I am a ‘small church’ pastor. By nearly every statistical measure, we are near the bottom of the list: we have a smaller congregation, a smaller budget and a smaller list of programs than most other churches. In fact, at a denominational meeting last weekend, as reports of growth and impact were shared, I felt like our church was a decorative gourd at the State Fair’s Pumpkin Contest. Our puny statistics were seemingly insignificant in comparison to those of the churches around us. Even as I write this, I sense a funny thing about statistics: their meaning and value are always subject to interpretation.
Does size matter? While the chain hardware store may have a better selection than the locally owned hardware store, is the service necessarily better? While the chain restaurant may have more locations than the locally owned restaurant, are their meals necessarily better? Likewise, does ‘quaint and cozy’ necessarily equate to ‘high quality’? If you are anything like me, we frequent Home Depot as well as Norfolk Hardware and Papa John’s as well as Town Spa. Our consumer satisfaction is subject to what we value. Size is one statistic that can prove valuable, but certainly not the only statistic worth considering.
He told them another parable: “The kingdom of heaven is like a mustard seed, which a man took and planted in his field. Though it is the smallest of all seeds, yet when it grows, it is the largest of garden plants and becomes a tree, so that the birds come and perch in its branches.” Matthew 13:31-32 (NIV)
If I were asked to establish a matrix for evaluating a church, I would begin with an assessment of integrity – Is the church (the local representation of the kingdom of heaven) really what it appears to be? In looking at the church as a mustard seed, we must first we begin with a mustard seed and not a pebble resembling a mustard seed, a husk that was once a mustard seed or a caraway seed which differs from a mustard seed. All of these have purpose, but only a mustard seed will produce a mustard plant. No matter the size, a church needs to be what a church is intended to be – the body of Christ proclaiming the truth of Christ to all the world.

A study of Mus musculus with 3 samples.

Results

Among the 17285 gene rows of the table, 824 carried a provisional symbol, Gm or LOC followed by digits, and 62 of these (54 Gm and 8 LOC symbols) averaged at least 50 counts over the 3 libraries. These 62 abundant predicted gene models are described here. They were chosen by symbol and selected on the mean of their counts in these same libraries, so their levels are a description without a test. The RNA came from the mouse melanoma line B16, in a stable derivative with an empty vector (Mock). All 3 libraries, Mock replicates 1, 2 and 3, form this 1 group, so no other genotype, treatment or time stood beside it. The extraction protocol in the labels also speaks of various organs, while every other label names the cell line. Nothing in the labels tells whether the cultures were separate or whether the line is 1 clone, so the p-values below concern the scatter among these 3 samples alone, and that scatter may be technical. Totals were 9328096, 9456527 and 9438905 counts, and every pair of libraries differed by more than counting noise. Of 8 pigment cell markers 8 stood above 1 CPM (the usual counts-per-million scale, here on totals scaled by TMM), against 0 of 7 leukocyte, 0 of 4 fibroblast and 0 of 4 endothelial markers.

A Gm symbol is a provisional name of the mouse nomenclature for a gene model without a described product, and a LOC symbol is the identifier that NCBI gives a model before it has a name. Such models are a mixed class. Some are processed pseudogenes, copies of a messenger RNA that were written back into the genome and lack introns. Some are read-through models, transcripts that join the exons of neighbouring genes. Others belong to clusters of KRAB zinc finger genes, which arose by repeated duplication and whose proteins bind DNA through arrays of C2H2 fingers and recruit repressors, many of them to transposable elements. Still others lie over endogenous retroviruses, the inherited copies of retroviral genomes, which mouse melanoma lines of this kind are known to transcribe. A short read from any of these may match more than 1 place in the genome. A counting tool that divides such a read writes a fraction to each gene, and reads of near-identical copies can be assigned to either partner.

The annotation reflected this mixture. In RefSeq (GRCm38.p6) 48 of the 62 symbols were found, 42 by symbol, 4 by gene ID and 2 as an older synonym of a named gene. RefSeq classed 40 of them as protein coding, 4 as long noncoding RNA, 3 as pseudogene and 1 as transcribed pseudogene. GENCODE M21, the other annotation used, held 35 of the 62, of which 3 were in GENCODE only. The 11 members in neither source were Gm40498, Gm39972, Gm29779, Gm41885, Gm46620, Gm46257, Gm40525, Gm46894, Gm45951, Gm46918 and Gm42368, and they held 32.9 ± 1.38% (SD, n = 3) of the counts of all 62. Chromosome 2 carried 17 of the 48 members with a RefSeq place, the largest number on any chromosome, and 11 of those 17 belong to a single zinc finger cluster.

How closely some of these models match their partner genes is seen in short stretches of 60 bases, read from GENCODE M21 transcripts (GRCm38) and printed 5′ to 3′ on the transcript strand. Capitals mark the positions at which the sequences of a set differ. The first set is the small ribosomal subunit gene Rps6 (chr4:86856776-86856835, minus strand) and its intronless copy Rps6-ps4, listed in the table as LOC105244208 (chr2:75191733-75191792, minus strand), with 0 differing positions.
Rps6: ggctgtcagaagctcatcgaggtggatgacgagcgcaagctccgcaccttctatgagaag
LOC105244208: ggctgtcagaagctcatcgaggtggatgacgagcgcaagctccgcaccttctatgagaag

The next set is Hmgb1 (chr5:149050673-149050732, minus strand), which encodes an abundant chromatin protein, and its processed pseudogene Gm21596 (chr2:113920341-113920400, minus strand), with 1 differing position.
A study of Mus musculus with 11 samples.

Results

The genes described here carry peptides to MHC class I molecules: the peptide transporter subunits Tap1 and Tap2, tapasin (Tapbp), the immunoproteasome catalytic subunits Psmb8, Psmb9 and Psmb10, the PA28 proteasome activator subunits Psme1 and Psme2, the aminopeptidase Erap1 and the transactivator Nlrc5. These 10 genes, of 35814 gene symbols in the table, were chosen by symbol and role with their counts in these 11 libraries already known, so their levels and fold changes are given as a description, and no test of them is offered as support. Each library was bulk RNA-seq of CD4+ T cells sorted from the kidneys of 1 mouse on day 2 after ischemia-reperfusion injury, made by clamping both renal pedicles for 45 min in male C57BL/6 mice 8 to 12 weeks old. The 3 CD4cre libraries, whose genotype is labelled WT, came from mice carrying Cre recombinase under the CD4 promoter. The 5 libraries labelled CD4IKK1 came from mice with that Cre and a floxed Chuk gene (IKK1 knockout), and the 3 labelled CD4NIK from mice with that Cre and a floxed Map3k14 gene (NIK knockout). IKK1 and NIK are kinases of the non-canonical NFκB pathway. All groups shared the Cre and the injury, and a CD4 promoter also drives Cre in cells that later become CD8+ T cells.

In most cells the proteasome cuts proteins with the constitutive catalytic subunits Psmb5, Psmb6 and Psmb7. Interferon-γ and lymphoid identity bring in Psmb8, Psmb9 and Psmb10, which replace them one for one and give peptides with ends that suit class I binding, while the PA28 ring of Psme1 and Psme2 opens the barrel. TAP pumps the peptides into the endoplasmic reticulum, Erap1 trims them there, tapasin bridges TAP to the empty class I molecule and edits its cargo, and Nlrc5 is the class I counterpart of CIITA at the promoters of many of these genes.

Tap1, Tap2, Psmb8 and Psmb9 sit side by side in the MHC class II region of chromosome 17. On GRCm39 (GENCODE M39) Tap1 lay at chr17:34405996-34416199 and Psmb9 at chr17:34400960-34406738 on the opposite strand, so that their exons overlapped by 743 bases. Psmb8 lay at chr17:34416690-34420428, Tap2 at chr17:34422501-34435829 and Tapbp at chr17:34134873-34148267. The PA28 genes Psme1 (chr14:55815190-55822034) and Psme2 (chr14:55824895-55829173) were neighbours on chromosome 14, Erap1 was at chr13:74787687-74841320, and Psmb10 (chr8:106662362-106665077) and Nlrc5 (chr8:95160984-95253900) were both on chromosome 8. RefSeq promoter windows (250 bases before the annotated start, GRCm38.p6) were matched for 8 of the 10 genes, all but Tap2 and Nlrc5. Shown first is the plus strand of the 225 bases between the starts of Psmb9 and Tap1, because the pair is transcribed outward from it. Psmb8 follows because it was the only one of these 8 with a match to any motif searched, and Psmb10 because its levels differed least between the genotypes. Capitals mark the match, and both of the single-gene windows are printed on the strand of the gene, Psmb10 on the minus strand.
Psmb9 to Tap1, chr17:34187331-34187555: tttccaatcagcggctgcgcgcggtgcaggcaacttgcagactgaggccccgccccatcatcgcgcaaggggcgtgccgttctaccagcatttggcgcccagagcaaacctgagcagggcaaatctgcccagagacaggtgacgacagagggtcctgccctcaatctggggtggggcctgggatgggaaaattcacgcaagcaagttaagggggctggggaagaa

Then, I would assess the environment where that seed exists. In looking at the church as a mustard seed, we must provide a suitable soil to enable the seed to germinate and eventually bear fruit, making sure it is watered, weeded and fed. Without the proper situation, it will remain a seed. Anyone can go to the grocery store and pick up a bottle of mustard seeds, which will remain just mustard seeds forever unless they are planted in a place of growth.
Finally, I would assess the intention of the church for the future. In looking at the church as a mustard seed, we must expect a mustard plant to grow, not desiring apples, figs or jalapenos instead. We will only produce what we plant. When we trust the faithfulness of God, we will develop roots and branches, as well as more seeds for future growth.
I am a ‘small church’ pastor. By a few statistical measures, we are right up there with the best of the best. We maintain a godly integrity (rightly dividing the word of truth and declaring Christ as Lord and Savior), a godly environment (rightly fostering and feeding the ‘sheep’ God has placed in our fold) and a godly intent (rightly focusing on the hope founded in the promises of Scripture which describe what we are and will become). Perhaps one day I will be a ‘big church’ pastor, if that is God’s will for us. After all, when it comes to mustard plants, size doesn’t matter; the substance of its make-up does.